Final Rule on Workplace Wellness Programs Gives Greater Flexibility
On Wednesday, the Obama administration issued a final rule to provide employers with greater flexibility to use workplace wellness programs under the Affordable Care Act, New York Times reports. The rule -- which was developed by HHS in tandem with the Labor and Treasury departments -- applies to group health insurance for plan years that begin on or after Jan. 1, 2014 (Pear, New York Times, 5/29).
Details of Rule
It states that employers must structure the programs so every worker in any "participatory wellness programs" can "receive the full amount of any reward or incentive, regardless of any health factor" (Begley, Reuters, 5/29). The rule classifies wellness programs into two categories -- active-only and outcome-based -- and does not require employers to provide scientific evidence that they are effective (Block, Modern Healthcare, 5/29).
Specifically, the rule allows employers to reward employees with as much as 30% of the cost of their health coverage for participating in wellness programs, up from the current 20% rate. Employees who enroll in smoking cessation programs could earn back as much as 50% of their coverage costs, even if they do not quit smoking at the end of the program.
Meanwhile, employees who do not participate in a wellness program could face a substantial penalty, Reuters reports. For example, an employer could require smokers to pay as much as 50% more for their premiums than their non-smoking coworkers (Reuters, 5/29).
In addition, the final rule requires employers with wellness programs to provide certain groups of workers -- such as those with unique medical conditions -- with "reasonable alternatives" to qualify for rewards if they cannot meet a specific set of benchmarks. Workers also could seek their physicians' help to tailor their wellness programs (Somashekhar, Washington Post, 5/29).
Final Rule Answers Some of Stakeholders' Concerns, HHS Notes
In the final regulation, HHS noted that it "clarified" some "confusion" about the workplace wellness program requirements among business groups and congressional Democrats, The Hill's "Healthwatch" reports (Baker, "Healthwatch," The Hill, 5/29).
Various experts also have warned that some employers could decide to stop offering health coverage based on the requirement that they provide the full amount of any incentive or reward regardless of any health factor, according to Reuters (Reuters, 5/29).
An HHS statement noted that the final rule will "ensure flexibility for employers by increasing the maximum reward that may be offered under appropriately designed wellness programs, including outcome-based programs."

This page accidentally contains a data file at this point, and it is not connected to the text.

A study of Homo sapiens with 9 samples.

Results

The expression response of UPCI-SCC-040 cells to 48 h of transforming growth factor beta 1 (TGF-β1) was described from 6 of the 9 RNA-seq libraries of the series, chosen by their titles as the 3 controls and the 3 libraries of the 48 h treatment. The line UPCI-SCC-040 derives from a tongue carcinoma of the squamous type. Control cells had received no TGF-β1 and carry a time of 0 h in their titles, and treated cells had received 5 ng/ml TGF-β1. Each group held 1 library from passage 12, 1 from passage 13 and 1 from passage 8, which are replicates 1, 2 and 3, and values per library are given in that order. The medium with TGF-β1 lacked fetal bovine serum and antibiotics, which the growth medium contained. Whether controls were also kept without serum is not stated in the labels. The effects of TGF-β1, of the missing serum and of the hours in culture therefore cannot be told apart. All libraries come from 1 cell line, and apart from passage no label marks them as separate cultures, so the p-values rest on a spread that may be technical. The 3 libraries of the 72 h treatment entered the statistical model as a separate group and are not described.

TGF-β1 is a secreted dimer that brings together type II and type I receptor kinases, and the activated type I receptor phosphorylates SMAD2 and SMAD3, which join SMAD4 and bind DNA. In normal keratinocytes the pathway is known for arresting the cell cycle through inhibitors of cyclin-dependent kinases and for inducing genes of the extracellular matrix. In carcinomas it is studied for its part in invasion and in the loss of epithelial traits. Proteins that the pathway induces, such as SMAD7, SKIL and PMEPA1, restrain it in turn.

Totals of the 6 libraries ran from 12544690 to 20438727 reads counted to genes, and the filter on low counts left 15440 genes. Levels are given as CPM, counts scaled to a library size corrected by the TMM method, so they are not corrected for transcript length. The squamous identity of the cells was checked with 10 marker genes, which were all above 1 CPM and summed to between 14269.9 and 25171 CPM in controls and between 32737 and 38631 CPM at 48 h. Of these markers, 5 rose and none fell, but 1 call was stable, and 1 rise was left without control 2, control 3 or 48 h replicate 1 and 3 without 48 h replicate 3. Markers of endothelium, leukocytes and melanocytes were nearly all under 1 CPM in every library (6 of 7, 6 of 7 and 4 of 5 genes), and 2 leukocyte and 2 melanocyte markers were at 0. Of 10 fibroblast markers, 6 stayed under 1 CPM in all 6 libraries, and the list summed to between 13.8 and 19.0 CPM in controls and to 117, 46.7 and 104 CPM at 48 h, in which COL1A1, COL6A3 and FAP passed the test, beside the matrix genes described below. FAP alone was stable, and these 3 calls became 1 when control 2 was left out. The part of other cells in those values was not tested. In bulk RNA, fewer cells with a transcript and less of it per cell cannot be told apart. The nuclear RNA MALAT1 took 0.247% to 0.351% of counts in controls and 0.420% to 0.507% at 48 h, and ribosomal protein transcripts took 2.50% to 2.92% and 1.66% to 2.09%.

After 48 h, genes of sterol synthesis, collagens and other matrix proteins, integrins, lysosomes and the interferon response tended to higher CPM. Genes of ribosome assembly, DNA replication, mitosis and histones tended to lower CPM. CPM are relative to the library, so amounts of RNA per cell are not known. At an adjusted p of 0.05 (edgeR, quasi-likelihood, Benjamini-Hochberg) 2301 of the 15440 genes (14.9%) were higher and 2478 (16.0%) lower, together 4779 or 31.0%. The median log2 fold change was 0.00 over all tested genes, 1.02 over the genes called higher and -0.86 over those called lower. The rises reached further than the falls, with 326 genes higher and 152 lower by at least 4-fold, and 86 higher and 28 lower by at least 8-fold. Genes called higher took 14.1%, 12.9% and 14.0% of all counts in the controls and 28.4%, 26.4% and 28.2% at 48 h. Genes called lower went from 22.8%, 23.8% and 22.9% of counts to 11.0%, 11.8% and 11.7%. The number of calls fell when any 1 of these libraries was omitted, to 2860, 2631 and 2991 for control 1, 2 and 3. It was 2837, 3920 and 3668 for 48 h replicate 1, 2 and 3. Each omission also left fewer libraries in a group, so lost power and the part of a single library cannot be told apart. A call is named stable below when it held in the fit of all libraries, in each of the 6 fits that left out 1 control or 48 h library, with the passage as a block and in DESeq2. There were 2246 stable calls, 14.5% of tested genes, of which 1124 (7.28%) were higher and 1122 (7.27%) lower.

In addition, the rule will "protect consumers by requiring that health-contingent wellness programs be reasonably designed, be uniformly available to all similarly situated individuals, and accommodate recommendations made at any time by an individual's physician based on medical appropriateness," HHS said ("Healthwatch," The Hill, 5/29).
According to the Times, employers' compliance with the rule does not exempt them from obligations under other federal laws, such as the Americans With Disabilities Act. In addition, the rule states that companies' wellness programs must not be "a subterfuge for discriminating based on a health status factor" (New York Times, 5/29).
Business Groups, Observers Comment on Final Rule
Steve Wojcik -- vice president of public policy at the National Business Group on Health -- expressed concern over the rule's "reasonable alternatives" requirement, saying it could prompt some employees to abuse the system by demanding programs that they like, but are less effective (Modern Healthcare, 5/29). "If the employer has to offer rewards, even without evidence that an employee is trying" to improve health outcomes, "it might decide to end the wellness program," Wojcik said (Reuters, 5/29).
Paul Fronstin -- director of the Employee Benefit Research Institute's health research and education program -- said the final rule "gives the wellness industry a little more certainty, but there's a little uncertainty on what alternatives may be recommended." Fronstin added, "If you make it too complicated for employers to offer wellness programs, they'll stop offering them."However, an administration official said the final rule limits the number of reasonable alternatives an employer is required to provide (Modern Healthcare, 5/29). This is part of the California Healthline Daily Edition, a summary of health policy coverage from major news organizations. Sign up for an email subscription.